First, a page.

Collins: Republicans’ zeal against Biden’s son a double-standard

While they’re attacking Hunter Biden’s gun possession, they’re working to relax similar gun measures.

By Gail Collins / The New York Times

Boy, Republicans can’t get enough of Hunter Biden and his drug-gun thing, right?

Well, it is a pretty juicy story. The son of the president, with a long history of substance abuse, is being prosecuted for denying he was using drugs when he bought a revolver.

But don’t you think the focus is kind of … narrow? Endless talk about how Hunter lied. Not much comment at all on the fact that just being asked whether you’re on drugs is a pretty modest approach to firearm safety.

All state laws are different. Delaware, where Hunter got his revolver, recently made some big changes. It will require anyone who buys a gun to first complete a firearm safety training program.

Don’t imagine Hunter would have made it through that one in his addict era. Yet many, many of the people doing the loudest howling about the president’s son are connected with the people who have challenged the reform law in court, arguing that it’s a violation of their civil rights.

As Jonathan Weisman pointed out in The New York Times, it’s “hard to make much of allegations that Hunter Biden lied about his drug use to purchase a handgun when your party is sponsoring legislation to ease gun-purchasing restrictions for veterans struggling with mental illness, not to mention the case before the Supreme Court that could allow domestic abusers to buy firearms.”

Just saying.

This article originally appeared in The New York Times.

Talk to us

> Give us your news tips.

> Send us a letter to the editor.

> More Herald contact information.

More in Opinion

toon
Editorial cartoons for Friday, July 12

A sketchy look at the news of the day.… Continue reading

Vote 2024. US American presidential election 2024. Vote inscription, badge, sticker. Presidential election banner Vote 2024, poster, sign. Political election campaign symbol. Vector Illustration
Editorial: Return Peterson, Ortiz-Self to House seats

The 21st district Democrats, each seeking a sixth term, are practiced and effective lawmakers.

Schwab: Trump can disavow Project 2025, but he’ll still use it

A wish list of ultra-conservative dreams, the revolution ‘will be bloodless,’ if we just go along with it.

AI offers opportunities to aid veterans

As artificial intelligence (AI) innovation continues to evolve, new applications for this… Continue reading

Investing in Herald’s staff will return investment

We have all watched with a mix of horror and sadness the… Continue reading

Krugman: The disconnect between good economy and bad attitude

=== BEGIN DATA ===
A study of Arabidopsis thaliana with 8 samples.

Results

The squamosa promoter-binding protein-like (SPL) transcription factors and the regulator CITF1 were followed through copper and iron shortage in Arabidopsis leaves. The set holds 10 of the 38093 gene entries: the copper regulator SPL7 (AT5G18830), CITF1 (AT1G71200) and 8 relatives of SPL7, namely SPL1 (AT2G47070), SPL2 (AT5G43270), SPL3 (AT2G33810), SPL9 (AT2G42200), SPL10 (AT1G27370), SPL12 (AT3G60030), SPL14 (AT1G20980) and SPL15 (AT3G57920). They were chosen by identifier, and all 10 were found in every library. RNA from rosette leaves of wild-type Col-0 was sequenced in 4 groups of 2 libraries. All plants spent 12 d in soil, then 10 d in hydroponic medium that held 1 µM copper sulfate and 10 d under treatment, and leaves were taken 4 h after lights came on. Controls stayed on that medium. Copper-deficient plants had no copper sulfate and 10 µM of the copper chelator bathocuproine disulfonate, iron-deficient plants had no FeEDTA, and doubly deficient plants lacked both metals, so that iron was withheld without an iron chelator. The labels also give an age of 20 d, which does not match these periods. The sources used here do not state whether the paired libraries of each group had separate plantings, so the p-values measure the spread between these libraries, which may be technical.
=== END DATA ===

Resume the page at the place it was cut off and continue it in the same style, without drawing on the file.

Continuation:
With consumer numbers and opinion generally up, narratives explain our assumptions about how things are.

Comment: Next president could shift balance of 3-3-3 high court

After an eventful term, the court’s moderate conservatives may pause its to-do list. But an election looms.

Matthew Wallace, of D&L Fence, Inc., nails in a fence support on a model home at the Overlook at Riverfront on Monday, Oct. 10, 2016 in Everett, Wa. The project by Polygon Northwest has the first 30 homes, of 425 planned along the riverfront, in various stages of construction. (Andy Bronson / The Herald)
Editorial: Everett request for property tax lift reasonable

The increase to $2.19 per $1,000 of assessed value brings it closer to par with other cities in the county.

Vote 2024. US American presidential election 2024. Vote inscription, badge, sticker. Presidential election banner Vote 2024, poster, sign. Political election campaign symbol. Vector Illustration
Editorial: Return Cortes to 38th district House seat

In his first term, he successfully sponsored legislation that serves his district and the state.

Vote 2024. US American presidential election 2024. Vote inscription, badge, sticker. Presidential election banner Vote 2024, poster, sign. Political election campaign symbol. Vector Illustration
Editorial: Return Davis to 32nd District House seat

The three-term Democrat leads policy on domestic violence, addiction and law enforcement issues.

toon
Editorial cartoons for Thursday, July 11

A sketchy look at the news of the day.… Continue reading

Comment: To protect our children’s future, reject I-2109

Ending the capital gains tax for the wealthy would cut billions of dollars in funding for children’s benefit.

Support local journalism

If you value local news, make a gift now to support the trusted journalism you get in The Daily Herald. Donations processed in this system are not tax deductible.